TEPA i TUA Samoa owner, Theresa Finau, is concerned people are producing fake ula lopa for their commercial interests.
Ms. Finau focuses on traditional Samoan arts and crafts from the past and fast tracks it into today’s fashion houses, creating elegant and exotic traditional jewelry. She has been creating beautiful lopa necklaces since 2014.
Speaking to the business team, Ms. Finau said lopa seeds are part of Samoa’s identity and mass production of such cultural fashionwear for individual interests should be eliminated.
“There are so many people making the lopa necklaces and earrings and they are not making it as a good product, they’re just making them to get a dollar from what they produce. They are just wasting the lopa,” Ms. Finau said.
“All over the streets in the United States, some of them who are my clients now, they said they had the ula bought from the local markets and some of their family members sent it to them and it’s not a good product.
“They thought it was from me. The thing is my product is very expensive. One single simple ula I make is $45 and for a single lopa strand is $25 with earrings, but in the streets they are selling it for $5 tala.
“My clients from the States are calling me and want me to refund their money. I told them to send the photos to me and when I looked at them, they were not my ula lopa.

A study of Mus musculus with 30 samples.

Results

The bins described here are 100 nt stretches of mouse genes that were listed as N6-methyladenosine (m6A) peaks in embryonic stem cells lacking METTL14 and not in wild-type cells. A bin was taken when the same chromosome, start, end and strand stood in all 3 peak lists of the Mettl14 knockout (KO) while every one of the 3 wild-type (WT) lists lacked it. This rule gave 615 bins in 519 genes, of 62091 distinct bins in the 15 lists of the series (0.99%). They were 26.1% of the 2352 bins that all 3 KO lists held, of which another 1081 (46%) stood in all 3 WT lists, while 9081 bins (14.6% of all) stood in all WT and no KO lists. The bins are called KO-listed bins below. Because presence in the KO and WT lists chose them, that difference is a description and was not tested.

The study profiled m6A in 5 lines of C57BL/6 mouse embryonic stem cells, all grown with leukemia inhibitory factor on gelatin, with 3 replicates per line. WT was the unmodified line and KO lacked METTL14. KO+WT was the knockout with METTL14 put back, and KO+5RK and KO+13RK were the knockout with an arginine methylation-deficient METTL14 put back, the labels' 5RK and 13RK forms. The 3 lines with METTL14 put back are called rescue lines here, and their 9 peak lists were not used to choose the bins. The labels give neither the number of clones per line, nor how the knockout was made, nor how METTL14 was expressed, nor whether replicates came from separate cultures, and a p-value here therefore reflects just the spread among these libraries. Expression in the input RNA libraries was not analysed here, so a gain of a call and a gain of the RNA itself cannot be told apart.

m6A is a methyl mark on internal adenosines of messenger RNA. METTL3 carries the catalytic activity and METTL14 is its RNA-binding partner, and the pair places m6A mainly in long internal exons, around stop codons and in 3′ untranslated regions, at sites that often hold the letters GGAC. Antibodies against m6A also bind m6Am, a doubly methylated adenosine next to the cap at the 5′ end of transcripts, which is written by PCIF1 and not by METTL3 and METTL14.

“I know my brand because I have the label on it. I even know how exactly it looks like. On Facebook, they’re complaining that it’s my TEPA i TUA Samoa’s product and that they bought it from me.
“I never apologised to them because I told them it’s not mine. There are many clothing shops and fashion shops around Samoa that sell these things and they don’t put a brand on it. They resell it to their overseas clients, and then these people think that it’s my product, but it’s definitely not. They said they buy it once or twice and then it’s broken.”
Ms. Finau says the sad part is trying to convince people that they are not her products.
“It’s not giving me a hard time, but it’s trying to convince these people that they are not mine.
“I just feel sorry for these people for spending their money on something that is not a genuine product. A lady from Los Angeles called and told me about the fake ula lopa and so I had to convince her that it is not my product.
Ms. Finau says these copy cats usually change the colour of the lopa to black and other colours.
“I don’t change the lopa, I don’t colour it because it is our identity. We should be proud of this seed because it tells the world Samoa can make something of things they are blessed with. Lopa is red and nothing else."